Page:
By Steve Thorpe
Auto manufacturers increasingly offer “connected” features that allow drivers and riders to easily connect with everything available on the Internet. But those car companies are learning — sometimes the hard way — that features for customers can be opportunities for criminals. Kathy Ossian of Ossian Law PC in Ferndale focuses exclusively on Information Technology Law. Practicing law for three decades, Ossian has nearly 20 years of experience and expertise in IT Law. Formerly senior principal and chair of the Information Technology and Cyberlaw Section at Miller Canfield, she also served as a law clerk to U.S. District Judge Robert E. DeMascio.
Thorpe: Give us a quick and dirty definition of a “connected car.”
Ossian: A connected car has built-in wireless Internet access that allows the occupants to connect to the Internet, just as they would from their home, office or a coffee shop. Connected vehicles also allow automakers, suppliers and others to collect data through telematics (in-car communication/navigation systems) about traffic flow, accidents and other driving-related topics. The data can also reveal drivers’ Internet browsing habits and other information that is valuable from a marketing perspective. While there is strong consumer appeal to staying connected while driving, this raises some important privacy, security and safety concerns.
Thorpe: In 2015, are there any cars that aren’t connected? Are some more than others?
Ossian: Today, most luxury brands and a few non-luxury brands offer wireless Internet technology. The number of cars offering this technology is expected to increase dramatically over the next five years. Research firm Gartner, Inc. predicts that, by 2020, there will be 25 billion connected vehicles on the road. Of course, any car equipped with telematics is collecting a great deal of personal data. This fact prompted the Government Accounting Office to issue a report a couple of years ago on privacy practices relating to in-car location based services: http://www.gao.gov/assets/660/659509.pdf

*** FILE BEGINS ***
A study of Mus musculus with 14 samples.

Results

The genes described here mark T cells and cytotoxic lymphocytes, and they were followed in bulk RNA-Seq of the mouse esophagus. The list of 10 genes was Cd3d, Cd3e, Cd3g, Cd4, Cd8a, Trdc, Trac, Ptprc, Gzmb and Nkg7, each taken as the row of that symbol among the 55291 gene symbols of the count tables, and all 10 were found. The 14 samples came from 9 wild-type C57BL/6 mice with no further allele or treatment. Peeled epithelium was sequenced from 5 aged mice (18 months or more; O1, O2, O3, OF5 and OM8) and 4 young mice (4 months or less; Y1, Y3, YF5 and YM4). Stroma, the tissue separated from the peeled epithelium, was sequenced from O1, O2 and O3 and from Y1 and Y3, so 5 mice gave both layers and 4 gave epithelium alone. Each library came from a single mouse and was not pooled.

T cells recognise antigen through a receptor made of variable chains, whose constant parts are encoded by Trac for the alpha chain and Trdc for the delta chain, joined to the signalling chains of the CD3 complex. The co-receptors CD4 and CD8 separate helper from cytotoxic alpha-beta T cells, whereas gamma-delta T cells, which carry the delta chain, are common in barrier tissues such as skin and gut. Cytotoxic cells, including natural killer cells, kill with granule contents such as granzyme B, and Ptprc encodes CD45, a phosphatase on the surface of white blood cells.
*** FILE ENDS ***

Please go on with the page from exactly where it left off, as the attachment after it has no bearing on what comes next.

Thorpe: Retail, banking and credit card companies are excited about this development. What plans do they have?
Ossian: Retail, banking and credit card companies are looking forward to the day when in-car purchases become part of our routine. Because this could put personal information at risk, building security features into the design of vehicle systems makes sense. Visa has been working on a technology that allows a driver to use voice commands to notify a restaurant or store of an order and, upon the vehicle’s arrival, the goods are brought to the car. No credit card information is stored in the system itself but on a separate digital device, like a smart phone, watch or glasses that would identify the driver to the retailer.
Thorpe: What are some of the privacy considerations of the connected car?
Ossian: Among the privacy considerations are:
• What use will auto makers, suppliers and others make of the multitude of data that our cars have been and are continuing to collect through telematics?
• Who is responsible for personal information being transmitted through in-car Internet usage?
• How will such personal information be protected?
• What data is or could be made available to the government?
Thorpe: Hackers are potentially able to seize control of major drive components, as Fiat Chrysler learned to its dismay this past summer. How did that unfold and what are the safety implications?
Ossian: In July, a Jeep was hacked through a vulnerability in its telematics system. The incident was “planned” in that the driver and the hacker were working together to demonstrate the issue. As of last month, Fiat Chrysler has recalled more than 1.4 million vehicles to receive a security patch to the in-car entertainment system that was the entry point for the hack. Given that the hackers were able to take over the car’s engine and transmission, without the patch, driver and passenger safety can be impacted. There are additional concerns over the number of Fiat Chrysler car owners who have not yet responded to the recall, so their vehicles remain at risk.
Thorpe: Is the law keeping up with these developments? To use an automotive metaphor, this seems to be a place where privacy law, commercial law and safety law collide at an intersection.
Ossian: In short, no. Like many other areas involving technology, the law is lagging behind. Standardization of systems, which could facilitate regulation and enforcement, clashes with OEM’s and supplier’s development of proprietary systems. Governments and regulators have been vocal, including the G-7 States (United States, Canada, France, Germany, Italy, Japan and the United Kingdom) and European Commissioner of Transport declaration on automated and connected driving focusing on development of technical regulations designed to ensure data protection and cyber security. The Federal Trade Commission, the National Highway Safety Administration and U.S. State Department are some of the federal agencies interested in the implications of connected cars. The regulatory roadmap for connected cars has yet to be plotted.